The image of someone sitting at home on a sunny Saturday afternoon writing a project report does not seem to illustrate the phrase ” work/life balance .” More like ” workaholic .” But Laura Vanderkam wants to challenge that assumption, as well as the common fear that if…
The image of someone sitting at home on a sunny Saturday afternoon writing a project report does not seem to illustrate the phrase "work/life balance."
More like "workaholic."
But Laura Vanderkam wants to challenge that assumption, as well as the common fear that if you, too start working on the weekends, your work/life balance will disappear. Instead, she suggests that spending part of the weekend on professional tasks can reduce stress, bolster your career, and help facilitate work/life balance.
Vanderkam is the author of multiple books on time-management and productivity, including most recently, "I Know How She Does It," in which she explains what she learned from asking high-earning women to keep time logs. She calls those time logs the "Mosaic Project," and refers, somewhat poetically, to the 168 hours that make up your week as a mosaic.
"Weekends can be a helpful tool in terms of work/life balance," Vanderkam said when she visited the Business Insider office in October.
"Some people think work should be work, home should be home, never the two should meet, and that's fine," she added. "But a lot of people realize that working a little bit on the weekends can buy you a more balanced life during the week."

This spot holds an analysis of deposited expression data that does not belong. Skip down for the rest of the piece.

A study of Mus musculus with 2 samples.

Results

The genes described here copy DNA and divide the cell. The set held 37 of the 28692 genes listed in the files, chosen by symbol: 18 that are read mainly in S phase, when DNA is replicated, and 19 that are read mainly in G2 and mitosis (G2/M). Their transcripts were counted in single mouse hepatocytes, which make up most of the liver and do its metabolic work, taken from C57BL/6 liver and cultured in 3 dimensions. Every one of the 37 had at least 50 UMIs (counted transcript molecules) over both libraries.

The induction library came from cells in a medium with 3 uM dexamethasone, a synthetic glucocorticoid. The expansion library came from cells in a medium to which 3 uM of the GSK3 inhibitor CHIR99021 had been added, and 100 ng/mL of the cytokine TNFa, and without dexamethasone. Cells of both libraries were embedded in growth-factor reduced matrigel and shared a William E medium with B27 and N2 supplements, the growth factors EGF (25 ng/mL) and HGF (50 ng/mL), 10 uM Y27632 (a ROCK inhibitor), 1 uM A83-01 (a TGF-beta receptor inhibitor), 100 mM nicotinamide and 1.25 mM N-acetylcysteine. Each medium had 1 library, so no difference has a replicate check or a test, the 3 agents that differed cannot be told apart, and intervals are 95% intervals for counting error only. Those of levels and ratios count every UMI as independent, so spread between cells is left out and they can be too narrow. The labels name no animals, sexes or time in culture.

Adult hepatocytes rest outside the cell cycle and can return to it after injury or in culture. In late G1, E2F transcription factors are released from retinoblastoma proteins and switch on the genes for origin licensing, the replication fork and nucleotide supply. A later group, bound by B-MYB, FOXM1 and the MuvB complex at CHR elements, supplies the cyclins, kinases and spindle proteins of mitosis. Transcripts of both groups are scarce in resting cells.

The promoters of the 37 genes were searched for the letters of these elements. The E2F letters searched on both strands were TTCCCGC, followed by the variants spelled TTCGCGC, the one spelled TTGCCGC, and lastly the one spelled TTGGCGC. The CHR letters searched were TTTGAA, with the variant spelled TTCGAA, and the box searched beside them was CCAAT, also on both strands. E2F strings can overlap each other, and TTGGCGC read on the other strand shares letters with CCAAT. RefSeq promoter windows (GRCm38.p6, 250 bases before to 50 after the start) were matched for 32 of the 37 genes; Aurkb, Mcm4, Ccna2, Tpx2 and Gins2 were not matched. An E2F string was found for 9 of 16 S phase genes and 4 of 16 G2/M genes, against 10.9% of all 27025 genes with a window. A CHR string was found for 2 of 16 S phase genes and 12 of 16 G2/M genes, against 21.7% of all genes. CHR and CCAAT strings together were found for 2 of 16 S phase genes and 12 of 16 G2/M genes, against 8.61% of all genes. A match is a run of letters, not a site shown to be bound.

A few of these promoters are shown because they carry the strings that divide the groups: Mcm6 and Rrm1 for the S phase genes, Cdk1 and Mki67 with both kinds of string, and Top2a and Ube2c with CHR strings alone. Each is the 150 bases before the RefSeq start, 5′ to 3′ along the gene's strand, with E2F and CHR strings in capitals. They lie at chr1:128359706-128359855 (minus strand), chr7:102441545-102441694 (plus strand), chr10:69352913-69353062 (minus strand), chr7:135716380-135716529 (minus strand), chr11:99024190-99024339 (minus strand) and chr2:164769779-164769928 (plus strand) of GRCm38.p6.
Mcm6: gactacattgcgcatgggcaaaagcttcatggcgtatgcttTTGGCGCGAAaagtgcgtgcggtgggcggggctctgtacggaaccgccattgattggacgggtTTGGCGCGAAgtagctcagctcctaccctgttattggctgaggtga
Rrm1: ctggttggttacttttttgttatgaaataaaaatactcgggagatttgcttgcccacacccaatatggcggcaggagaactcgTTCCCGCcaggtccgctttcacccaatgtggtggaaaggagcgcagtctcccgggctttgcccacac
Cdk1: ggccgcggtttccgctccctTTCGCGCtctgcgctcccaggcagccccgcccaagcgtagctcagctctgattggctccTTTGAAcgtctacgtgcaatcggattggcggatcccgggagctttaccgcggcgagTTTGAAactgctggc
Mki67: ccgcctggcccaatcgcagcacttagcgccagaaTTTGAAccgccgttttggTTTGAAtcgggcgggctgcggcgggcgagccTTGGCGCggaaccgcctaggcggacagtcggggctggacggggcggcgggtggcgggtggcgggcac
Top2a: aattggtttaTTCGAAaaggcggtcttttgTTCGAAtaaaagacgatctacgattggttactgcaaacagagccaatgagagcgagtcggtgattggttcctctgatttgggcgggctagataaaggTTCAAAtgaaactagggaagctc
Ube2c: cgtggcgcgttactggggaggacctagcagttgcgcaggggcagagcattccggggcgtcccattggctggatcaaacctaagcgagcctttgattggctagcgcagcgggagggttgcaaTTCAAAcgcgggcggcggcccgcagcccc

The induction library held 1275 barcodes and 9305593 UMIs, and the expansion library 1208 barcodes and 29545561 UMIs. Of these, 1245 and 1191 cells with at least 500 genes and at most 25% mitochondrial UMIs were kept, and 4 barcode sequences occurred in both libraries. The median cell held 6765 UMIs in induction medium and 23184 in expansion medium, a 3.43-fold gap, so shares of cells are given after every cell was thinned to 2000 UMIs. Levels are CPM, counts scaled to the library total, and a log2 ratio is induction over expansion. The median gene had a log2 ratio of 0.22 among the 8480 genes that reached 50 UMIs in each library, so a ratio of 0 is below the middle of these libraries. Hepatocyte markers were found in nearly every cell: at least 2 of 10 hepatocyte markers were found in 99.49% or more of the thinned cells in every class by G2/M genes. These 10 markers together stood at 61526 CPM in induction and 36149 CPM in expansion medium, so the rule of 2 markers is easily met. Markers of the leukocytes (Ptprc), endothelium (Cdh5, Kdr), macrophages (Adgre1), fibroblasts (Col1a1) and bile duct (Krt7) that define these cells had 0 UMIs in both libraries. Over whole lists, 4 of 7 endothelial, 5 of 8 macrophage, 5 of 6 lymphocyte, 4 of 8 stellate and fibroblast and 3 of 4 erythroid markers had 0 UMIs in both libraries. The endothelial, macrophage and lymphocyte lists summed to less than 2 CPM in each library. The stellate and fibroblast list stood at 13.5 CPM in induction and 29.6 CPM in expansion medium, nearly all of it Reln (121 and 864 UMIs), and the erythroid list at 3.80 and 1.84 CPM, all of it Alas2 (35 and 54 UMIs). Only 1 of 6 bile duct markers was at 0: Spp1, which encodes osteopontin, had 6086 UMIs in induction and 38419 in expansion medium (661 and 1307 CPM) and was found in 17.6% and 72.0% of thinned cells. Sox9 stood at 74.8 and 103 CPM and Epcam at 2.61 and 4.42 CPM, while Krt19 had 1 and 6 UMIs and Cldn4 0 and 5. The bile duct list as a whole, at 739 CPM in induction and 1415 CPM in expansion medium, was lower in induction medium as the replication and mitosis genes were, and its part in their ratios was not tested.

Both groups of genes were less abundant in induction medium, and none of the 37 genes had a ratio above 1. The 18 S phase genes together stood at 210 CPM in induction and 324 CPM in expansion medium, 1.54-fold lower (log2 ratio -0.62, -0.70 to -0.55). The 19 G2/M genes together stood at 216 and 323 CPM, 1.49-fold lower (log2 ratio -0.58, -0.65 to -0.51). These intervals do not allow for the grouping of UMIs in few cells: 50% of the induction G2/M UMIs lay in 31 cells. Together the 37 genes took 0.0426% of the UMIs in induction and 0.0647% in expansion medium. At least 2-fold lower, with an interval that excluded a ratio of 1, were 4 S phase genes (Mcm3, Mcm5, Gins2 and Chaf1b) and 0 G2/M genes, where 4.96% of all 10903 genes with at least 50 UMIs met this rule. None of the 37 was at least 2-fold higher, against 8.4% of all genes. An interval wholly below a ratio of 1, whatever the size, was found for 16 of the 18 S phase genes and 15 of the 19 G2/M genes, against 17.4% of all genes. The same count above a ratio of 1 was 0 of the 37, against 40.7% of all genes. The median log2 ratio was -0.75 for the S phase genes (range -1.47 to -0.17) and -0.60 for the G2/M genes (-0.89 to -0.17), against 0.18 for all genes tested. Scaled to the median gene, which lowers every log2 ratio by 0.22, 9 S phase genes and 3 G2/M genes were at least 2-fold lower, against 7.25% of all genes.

For example, she said, if you work a couple hours on Saturday mornings and Sunday nights, you might be able to leave an hour earlier every weekday. That means you could pick up your kids from school, or prepare dinner, or simply make it to a gym class.
Of course, Vanderkam said, "You don't want to work on weekends just to work on weekends."
Instead, she suggests using Saturday mornings to "think a little bit deeper" on a tough problem or project, because most people won't be pinging you with emails and distracting you. You can use Sunday evenings to think about the week ahead.
Interestingly, most of the women who kept time logs didn't work more than an hour total on the weekends. But at least one woman who did work a few extra hours on the weekend because she had to leave the office early during the week to pick up her kid from day care said it helped her feel less stressed.
"In the context of the whole mosaic," Vanderkam writes, "sometimes working on the weekend is less stressful than not working on the weekend."